Expect a Chinese show of force against Taiwan soon, says INDOPACOM head

by Braxton Taylor

HONOLULU, Hawaii—China is likely to demonstrate “force against Taiwan in the near term” because of the recent election, the head of U.S. Indo-Pacific Command said—and they will probably blame the United States.  

“The pressure campaign against Taiwan continues, and we’re watching it in the wake of the elections,” Adm. John Aquilino said Tuesday at a conference hosted by the Pacific Forum.

“Their actions over the past number of years have been pretty consistent. When something occurs that they don’t like, they tend to take actions,” Aquilino said, noting that China increased its military harassment after then-Speaker of the House Nancy Pelosi visited the island in 2022.

China is “clearly not happy,” and the U.S. should “not be surprised” if they “attempt to spin it in the information space as the United States as the aggressor,” he said. “I don’t know how you connect those dots, but they’re pretty effective in the information space. Doesn’t have to be true. They’ve just got to say it enough times.”

On Saturday, Taiwan elected as president a candidate from the ruling Democratic Progressive Party, in a blow to China’s attempts to more closely control the island. President Biden said after the election that he does not support independence for Taiwan.

Three days later, the State Department’s Mira Resnick told Defense One the administration’s position has not changed.

The U.S. wants to ensure “peace in the Taiwan Strait, that there is security for Taiwan, and security in the United States,” said Resnick, the deputy assistant secretary for regional security in the bureau of political-military affairs. To that end, the U.S. has worked to “both speed [foreign military sales] items to Taiwan that they need, and to make sure that we’re carving out from our own resources… grant assistance that can be useful to Taiwan, which is something we’ve never done before.”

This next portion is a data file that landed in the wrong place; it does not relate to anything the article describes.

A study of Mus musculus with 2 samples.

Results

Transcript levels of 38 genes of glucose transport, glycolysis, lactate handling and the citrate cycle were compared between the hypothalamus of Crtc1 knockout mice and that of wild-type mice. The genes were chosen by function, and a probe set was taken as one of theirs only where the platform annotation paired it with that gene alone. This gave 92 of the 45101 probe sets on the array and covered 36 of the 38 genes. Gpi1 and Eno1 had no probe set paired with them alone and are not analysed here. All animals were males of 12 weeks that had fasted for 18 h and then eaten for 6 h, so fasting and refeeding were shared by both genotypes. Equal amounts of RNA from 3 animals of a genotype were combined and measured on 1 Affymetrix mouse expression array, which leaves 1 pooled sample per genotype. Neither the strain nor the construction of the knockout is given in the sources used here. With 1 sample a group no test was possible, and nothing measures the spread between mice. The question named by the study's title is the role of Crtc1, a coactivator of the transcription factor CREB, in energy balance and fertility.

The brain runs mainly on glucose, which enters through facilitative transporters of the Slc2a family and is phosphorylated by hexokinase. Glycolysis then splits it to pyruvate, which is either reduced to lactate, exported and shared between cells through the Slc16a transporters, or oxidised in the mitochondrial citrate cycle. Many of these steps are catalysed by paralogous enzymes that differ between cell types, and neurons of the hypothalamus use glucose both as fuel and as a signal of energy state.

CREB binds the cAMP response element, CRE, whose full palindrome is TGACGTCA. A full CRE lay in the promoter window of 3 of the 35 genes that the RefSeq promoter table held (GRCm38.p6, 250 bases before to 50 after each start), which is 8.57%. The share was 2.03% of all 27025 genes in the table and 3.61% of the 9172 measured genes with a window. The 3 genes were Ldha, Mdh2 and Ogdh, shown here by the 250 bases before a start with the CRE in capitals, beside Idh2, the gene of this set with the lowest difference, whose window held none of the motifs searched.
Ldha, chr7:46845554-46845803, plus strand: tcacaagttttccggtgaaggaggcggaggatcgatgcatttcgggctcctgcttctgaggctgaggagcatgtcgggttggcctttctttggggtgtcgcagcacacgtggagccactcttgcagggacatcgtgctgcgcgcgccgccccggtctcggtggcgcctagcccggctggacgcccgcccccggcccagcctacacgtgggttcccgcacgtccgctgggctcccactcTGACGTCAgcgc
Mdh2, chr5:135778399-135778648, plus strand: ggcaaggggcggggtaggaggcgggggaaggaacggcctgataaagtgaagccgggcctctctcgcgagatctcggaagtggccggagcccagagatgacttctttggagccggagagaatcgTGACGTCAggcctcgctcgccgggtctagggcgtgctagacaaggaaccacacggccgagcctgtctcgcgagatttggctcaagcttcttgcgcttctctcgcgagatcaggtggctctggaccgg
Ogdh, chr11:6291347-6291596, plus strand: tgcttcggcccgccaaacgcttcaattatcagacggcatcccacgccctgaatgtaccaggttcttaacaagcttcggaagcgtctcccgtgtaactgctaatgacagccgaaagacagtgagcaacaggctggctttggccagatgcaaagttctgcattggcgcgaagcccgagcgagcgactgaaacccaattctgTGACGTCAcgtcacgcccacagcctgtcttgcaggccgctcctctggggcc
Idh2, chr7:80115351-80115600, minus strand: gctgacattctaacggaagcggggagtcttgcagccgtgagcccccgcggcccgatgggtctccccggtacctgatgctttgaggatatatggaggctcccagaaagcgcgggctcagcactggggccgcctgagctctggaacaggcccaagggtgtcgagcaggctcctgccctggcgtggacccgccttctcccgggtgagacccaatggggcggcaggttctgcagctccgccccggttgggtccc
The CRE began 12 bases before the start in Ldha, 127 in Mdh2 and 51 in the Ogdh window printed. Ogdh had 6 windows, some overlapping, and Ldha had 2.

In a conflict, “Taiwan will need to have things that are already positioned on island, so we are looking to make sure that Taiwan has what it needs and that they will continue to have what they need in any sort of contingency,” she said.

Regarding the elections, Aquilino said the U.S. and its allies and partners must “understand what should come, we should expect it,” but we should also “push back against mis- and disinformation.”

And, he said, U.S. and “like-minded nations” must be cognizant of the fact that China’s “expansive claims in the South China Sea are not just thought anymore. What we are seeing as it applies to Second Thomas Shoal and our Philippine partners is that the rhetoric and the actions, whether they be lawfare, information warfare, or physical actions, they are now enforcing or attempting to enforce that illegal claim.”